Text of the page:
The CIA spy inside Iran’s Revolutionary Guard who found Jesus
by MARK ELLIS
July 12, 2012
As a member of Iran's elite Revolutionary Guard he witnessed horrific acts that caused him to question his faith in Islam and the regime he served. After he became a CIA spy and later escaped to the West, he found a new revolutionary to follow who offered a love that overwhelmed his soul.
"In childhood, I always prayed in my heart to God," says Reza Khalili, a pseudonym taken by the ex-spy for safety reasons. "I always tried to find a way to get close to him."
Educated in the United States at USC, he returned to Iran immediately before the revolution in 1979. His experience in the U.S. gave him a respect for American democratic traditions. "The founding fathers were so courageous," he notes, "providing humanity with democracy and freedom, sacrificing their lives."
He had high ideals when he returned toIran. "I wanted to help my country progress, hopeful that there would be full democracy. I believed that Ayatollah Khomeini would be true to his promise of freedom for all."
A childhood friend persuaded him to join the Revolutionary Guard because of his expertise with computers, but he was unprepared for what he soon observed under the banner of Islam.
"The mullahs forced Iranians to adhere to a strict Islamic dress code and subjected them to amputation as the punishment for stealing, lashing for drinking, stoning for adultery," he notes. Young people who sought new freedoms they thought had been promised by the revolution were arrested and taken to Evin prison.
"Many were raped, tortured and executed, among them my best friend and his siblings. Teenage girls as young as 13 were raped prior to execution because in Islam a virgin can go to heaven, and the ‘men of God' wanted to deny them that reward. Others were slowly lowered in tanks of acid so they would die painfully."
"Khomeini and the clerics announced themselves as representatives of Allah on earth and declared anyone opposing them to be an enemy of God. The punishment was execution. Tens of thousands were executed."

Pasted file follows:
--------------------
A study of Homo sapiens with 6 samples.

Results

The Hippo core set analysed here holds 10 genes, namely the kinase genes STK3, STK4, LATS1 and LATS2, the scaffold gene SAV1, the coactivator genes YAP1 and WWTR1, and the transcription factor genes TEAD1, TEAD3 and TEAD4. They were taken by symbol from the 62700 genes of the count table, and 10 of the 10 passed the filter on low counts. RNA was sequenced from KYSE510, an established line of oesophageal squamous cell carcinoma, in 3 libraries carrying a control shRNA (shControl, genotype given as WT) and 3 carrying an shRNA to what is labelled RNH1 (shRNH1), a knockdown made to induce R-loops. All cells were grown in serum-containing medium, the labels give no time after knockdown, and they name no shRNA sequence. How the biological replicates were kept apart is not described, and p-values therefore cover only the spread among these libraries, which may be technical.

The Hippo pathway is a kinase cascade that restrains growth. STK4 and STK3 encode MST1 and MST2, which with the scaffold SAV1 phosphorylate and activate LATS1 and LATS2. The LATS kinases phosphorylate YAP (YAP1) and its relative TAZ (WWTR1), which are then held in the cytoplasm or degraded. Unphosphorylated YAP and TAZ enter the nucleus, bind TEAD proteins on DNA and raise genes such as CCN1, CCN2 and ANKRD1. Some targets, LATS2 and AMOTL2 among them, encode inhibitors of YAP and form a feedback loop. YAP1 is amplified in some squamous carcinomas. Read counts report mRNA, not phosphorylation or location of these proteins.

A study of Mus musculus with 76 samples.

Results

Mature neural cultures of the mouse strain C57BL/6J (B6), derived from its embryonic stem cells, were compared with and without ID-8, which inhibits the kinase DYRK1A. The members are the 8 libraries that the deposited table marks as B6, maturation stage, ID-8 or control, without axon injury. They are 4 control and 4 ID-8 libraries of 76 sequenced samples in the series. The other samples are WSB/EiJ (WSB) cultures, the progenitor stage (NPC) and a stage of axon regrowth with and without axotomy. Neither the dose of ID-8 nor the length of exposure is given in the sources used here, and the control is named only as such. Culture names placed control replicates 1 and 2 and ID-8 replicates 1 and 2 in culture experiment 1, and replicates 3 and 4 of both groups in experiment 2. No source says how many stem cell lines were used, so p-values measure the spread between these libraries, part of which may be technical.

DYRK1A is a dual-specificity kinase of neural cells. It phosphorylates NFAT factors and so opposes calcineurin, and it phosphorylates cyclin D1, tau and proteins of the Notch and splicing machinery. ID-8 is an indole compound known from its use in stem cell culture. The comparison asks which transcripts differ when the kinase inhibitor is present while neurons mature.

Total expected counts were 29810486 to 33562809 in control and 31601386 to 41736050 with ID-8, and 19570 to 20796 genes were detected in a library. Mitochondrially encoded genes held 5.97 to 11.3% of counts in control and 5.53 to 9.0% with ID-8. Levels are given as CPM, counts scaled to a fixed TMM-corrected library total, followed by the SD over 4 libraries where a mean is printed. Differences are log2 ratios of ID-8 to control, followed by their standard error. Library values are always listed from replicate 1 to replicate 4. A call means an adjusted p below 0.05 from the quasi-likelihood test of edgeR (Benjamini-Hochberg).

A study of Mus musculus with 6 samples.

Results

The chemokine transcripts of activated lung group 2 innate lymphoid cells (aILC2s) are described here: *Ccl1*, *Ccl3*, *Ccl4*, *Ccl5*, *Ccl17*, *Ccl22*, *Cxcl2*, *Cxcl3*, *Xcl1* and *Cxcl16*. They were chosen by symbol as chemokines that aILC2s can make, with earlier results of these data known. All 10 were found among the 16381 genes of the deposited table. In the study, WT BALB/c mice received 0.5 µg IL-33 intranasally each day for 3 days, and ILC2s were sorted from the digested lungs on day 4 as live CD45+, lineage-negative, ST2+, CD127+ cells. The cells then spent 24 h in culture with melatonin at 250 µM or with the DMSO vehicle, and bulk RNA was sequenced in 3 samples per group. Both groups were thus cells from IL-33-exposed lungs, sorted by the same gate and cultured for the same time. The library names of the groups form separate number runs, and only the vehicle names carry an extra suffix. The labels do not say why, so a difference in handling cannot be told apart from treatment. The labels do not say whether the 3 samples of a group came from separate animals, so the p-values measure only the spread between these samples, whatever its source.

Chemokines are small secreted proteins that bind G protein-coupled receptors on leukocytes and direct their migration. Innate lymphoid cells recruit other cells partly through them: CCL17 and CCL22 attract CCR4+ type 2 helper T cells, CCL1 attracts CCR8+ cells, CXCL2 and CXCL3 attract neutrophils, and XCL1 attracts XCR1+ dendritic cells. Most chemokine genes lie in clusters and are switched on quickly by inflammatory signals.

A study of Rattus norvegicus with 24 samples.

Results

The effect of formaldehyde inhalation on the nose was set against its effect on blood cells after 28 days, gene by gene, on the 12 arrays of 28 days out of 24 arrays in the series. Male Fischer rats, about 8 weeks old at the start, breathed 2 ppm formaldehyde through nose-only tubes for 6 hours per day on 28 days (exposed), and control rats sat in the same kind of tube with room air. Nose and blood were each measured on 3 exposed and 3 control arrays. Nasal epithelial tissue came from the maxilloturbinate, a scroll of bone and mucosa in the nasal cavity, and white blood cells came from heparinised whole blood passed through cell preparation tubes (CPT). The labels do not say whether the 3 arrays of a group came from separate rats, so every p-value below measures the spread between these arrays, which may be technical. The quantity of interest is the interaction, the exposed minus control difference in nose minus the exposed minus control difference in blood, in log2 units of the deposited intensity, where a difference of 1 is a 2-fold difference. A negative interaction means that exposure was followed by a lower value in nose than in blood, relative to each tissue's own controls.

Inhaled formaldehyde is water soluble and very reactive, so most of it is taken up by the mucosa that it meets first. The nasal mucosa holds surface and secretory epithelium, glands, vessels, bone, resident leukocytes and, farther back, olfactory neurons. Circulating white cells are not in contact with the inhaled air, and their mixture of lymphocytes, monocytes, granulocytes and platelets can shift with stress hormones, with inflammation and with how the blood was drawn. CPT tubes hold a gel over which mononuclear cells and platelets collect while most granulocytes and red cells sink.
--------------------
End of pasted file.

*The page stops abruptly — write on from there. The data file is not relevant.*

These excesses of the Islamic revolution turned his stomach. Who can do that? he wondered. They claim to believe in Allah and that Islam is the last religion and a superior religion - that everybody needs to convert.
"This broke my heart," he says. "I was searching for God, so I prayed to him and I said, ‘This can't be from you. This is not you.'" Khalili couldn't imagine a God of love could foster these horrible crimes.
When he couldn't take any more, he convinced his superiors to let him fly to the U.S.to visit an ailing relative. He met with the FBI during his visit, who turned him over to the CIA inLondon. After he passed several polygraph tests and received training, he returned to Iran as an undercover agent. "I chose to confront the regime in my own way," he notes.
Meanwhile, he continued to study Islamic teachings in his search for truth. "As I learned more about the Quran and what Muhammad prescribed, I concluded that Islam as now practiced in Iran is no true religion, that the Allah of the criminal ayatollahs is not the real God."
"Their religion turned against every principle of humanity," he decided. "They instituted a cruel set of laws that represent intolerance, savagery and injustice, representative of an evil mind, not a loving God."
Khalili renounced Islam and began the quest to find the real God, the one who had blessed him so often in his very dangerous work as a CIA spy.
He escaped Iran in the mid-1990s, and now lives a furtive existence in the U.S. as an assassination target of Iran's government. "The radical mullahs who rule Iran want me dead, first for betraying my country as a member of the Revolutionary Guard who spied for the CIA, and now for renouncing the religion that allows them to cling to their tyranny," he says.